By Stefan J. Bos, BosNewsLife Chief International Correspondent with reporting from Iraq

Iraqi officials count ballots in Central Baghdad. Via VOA News

MOSUL, IRAQ  (BosNewsLife)– Iraq’s Shi’ite Prime Minister Nouri al-Maliki made a strong showing in Saturday’s provincial elections, but it was unclear whether life would improve for the country’s embattled Christian minority.

Officials said Sunday, February 1, that early projections showed candidates backed by Maliki performed well in southern Iraq’s Shi’ite heartland.

However Christians in northern Iraq, still reeling from a string of murders last fall, saw themselves in the middle of a power struggle between Kurds and Sunni Arabs.

Iraqi Christians have faced years of violence and intimidation from al-Qaida in Iraq and other Islamic extremist groups, churches and advocacy groups say. Especially in the northern city of Mosul and surrounding areas, Christians said they fear Kurds want to incorporate parts of the area into their semi-autonomous region in northern Iraq.

Kurds were expected to lose the dominance they enjoyed here in Nineveh province since Sunni Arabs boycotted the last provincial election in 2005. Officials said Sunday, February 1, that Sunni participation boosted voter turnout in Nineveh to 60 percent and in Anbar province to 40 percent.


Christians were expected to get at least one out of 37 council seats in the province, thanks to a minority quota.

However there has been concern among churches and advocacy group that this may not be enough to protect the rights of Christians and other religious minorities in this predominantly Muslim nation. And, Christians remain divided over whether to back Kurds or Sunni Arabs in their struggle for domination in Nineveh and its capital city of Mosul.

Fewer than three percent of Iraq’s 26 million people are Christians, many concentrated in Nineveh province. Raad Shaya, a 30-year-old Christian teacher who lives in the outlying town of Batnaya, told The Associated Press agency that Christians face intimidation from both sides.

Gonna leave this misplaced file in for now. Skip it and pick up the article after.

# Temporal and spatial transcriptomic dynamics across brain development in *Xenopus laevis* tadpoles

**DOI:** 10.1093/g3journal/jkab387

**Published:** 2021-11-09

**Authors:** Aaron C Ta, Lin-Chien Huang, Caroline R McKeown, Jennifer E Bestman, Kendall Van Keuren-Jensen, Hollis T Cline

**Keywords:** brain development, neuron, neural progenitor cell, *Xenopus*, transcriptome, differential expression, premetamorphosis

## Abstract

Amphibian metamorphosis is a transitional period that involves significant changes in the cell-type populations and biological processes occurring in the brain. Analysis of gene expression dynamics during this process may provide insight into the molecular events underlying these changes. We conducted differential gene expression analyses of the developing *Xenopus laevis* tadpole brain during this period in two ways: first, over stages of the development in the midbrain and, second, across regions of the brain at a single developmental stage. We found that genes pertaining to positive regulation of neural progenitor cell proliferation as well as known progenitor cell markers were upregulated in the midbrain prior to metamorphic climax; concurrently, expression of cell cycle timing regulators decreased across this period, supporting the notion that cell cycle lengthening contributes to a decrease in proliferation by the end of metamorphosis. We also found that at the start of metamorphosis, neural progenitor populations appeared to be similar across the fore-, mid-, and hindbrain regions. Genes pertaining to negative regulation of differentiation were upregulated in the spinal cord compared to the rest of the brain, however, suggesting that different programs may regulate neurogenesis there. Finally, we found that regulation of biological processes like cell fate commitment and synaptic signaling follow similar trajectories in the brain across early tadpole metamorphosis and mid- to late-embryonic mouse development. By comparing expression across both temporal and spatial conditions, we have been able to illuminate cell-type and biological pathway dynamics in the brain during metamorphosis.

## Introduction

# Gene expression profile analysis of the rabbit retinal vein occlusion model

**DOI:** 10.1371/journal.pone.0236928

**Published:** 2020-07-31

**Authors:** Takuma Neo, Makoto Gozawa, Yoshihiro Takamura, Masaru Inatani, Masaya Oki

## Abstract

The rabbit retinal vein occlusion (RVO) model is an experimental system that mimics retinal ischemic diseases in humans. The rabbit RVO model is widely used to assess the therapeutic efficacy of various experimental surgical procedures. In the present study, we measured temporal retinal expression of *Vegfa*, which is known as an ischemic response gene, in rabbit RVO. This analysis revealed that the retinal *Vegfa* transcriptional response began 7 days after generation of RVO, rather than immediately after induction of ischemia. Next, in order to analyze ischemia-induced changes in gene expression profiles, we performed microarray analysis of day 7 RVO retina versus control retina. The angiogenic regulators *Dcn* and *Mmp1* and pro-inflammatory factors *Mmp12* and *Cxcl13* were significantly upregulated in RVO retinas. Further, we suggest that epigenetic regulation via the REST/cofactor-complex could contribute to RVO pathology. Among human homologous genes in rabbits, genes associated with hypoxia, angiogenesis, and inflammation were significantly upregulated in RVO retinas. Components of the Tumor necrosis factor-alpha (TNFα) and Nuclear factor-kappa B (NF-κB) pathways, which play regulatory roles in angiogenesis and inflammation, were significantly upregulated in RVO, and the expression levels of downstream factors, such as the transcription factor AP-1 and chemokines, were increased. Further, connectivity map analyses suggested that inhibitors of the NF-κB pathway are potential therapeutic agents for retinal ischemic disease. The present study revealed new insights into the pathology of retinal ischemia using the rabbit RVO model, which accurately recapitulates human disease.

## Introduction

Islamic extremists recently threatened him and several Christian colleagues by placing a warning inside the minibus they used to commute to work, he said. “The Kurds are controlling the Christians right now. There’s also the threat from outside Islamic political parties.”

Thousands fled the region since the fall, although many have come back when the government ordered additional security forces to protect minority Christians. However believers remain concerned about new attacks against them in a region where several Christian workers and church leaders have been killed.


Yet, the absence of major violence during the elections this weekend was seen by Western leaders as as a hopeful sign for both Christians and Muslims living in Iraq. Iraqi officials said fewer than 200 Iraqis were killed in violence in January – the lowest monthly toll since the Iraq war began in 2003.

Four U.S. soldiers were killed by hostile fire in Iraq during January, while 12 others died in non-combat incidents.  Election observers cautioned however that the lower-than-predicted turnout for the provincial elections underscored that remain and shows Iraqis’ growing disillusionment with politicians who have made little progress in improving basic municipal services and minority rights.

Some Iraqis also complained that it was too hard to reach polling stations because of security restrictions on vehicle traffic. Others could not cast a vote because their names were not included on registration lists, news reports said.

News reports quoted Iraqi Kurdish official Fuad Hussain as saying about 70,000 ethnic Kurds in the provinces of Nineveh and Diyala were unfairly denied the right to vote. He said Kurds were left out of voter lists despite having handed their food ration cards to Iraqi authorities as part of the voter registration process.

Iraqi government spokesman Ali al-Dabbagh told reporters that the 51 percent turnout was “in line with international figures” for local and provincial polls. Baghdad’s turnout was reportedly about 40 percent.


Despite controversies, United States President Barack Obama described Sunday’s ballot as important step forward as Iraqis continue taking responsibility for their future.

British Prime Minister Gordon Brown said Iraqis showed their commitment to democracy by, in his words, “braving the threat of intimidation” to vote.

Yet, with many people staying at home and violence continuing in several areas Prime Minister Maliki faces difficult challenges in the coming months.

Observers said that the strong showing by Maliki’s allies would give him a boost against more orthodox religious Shi’ite parties in national elections due later this year.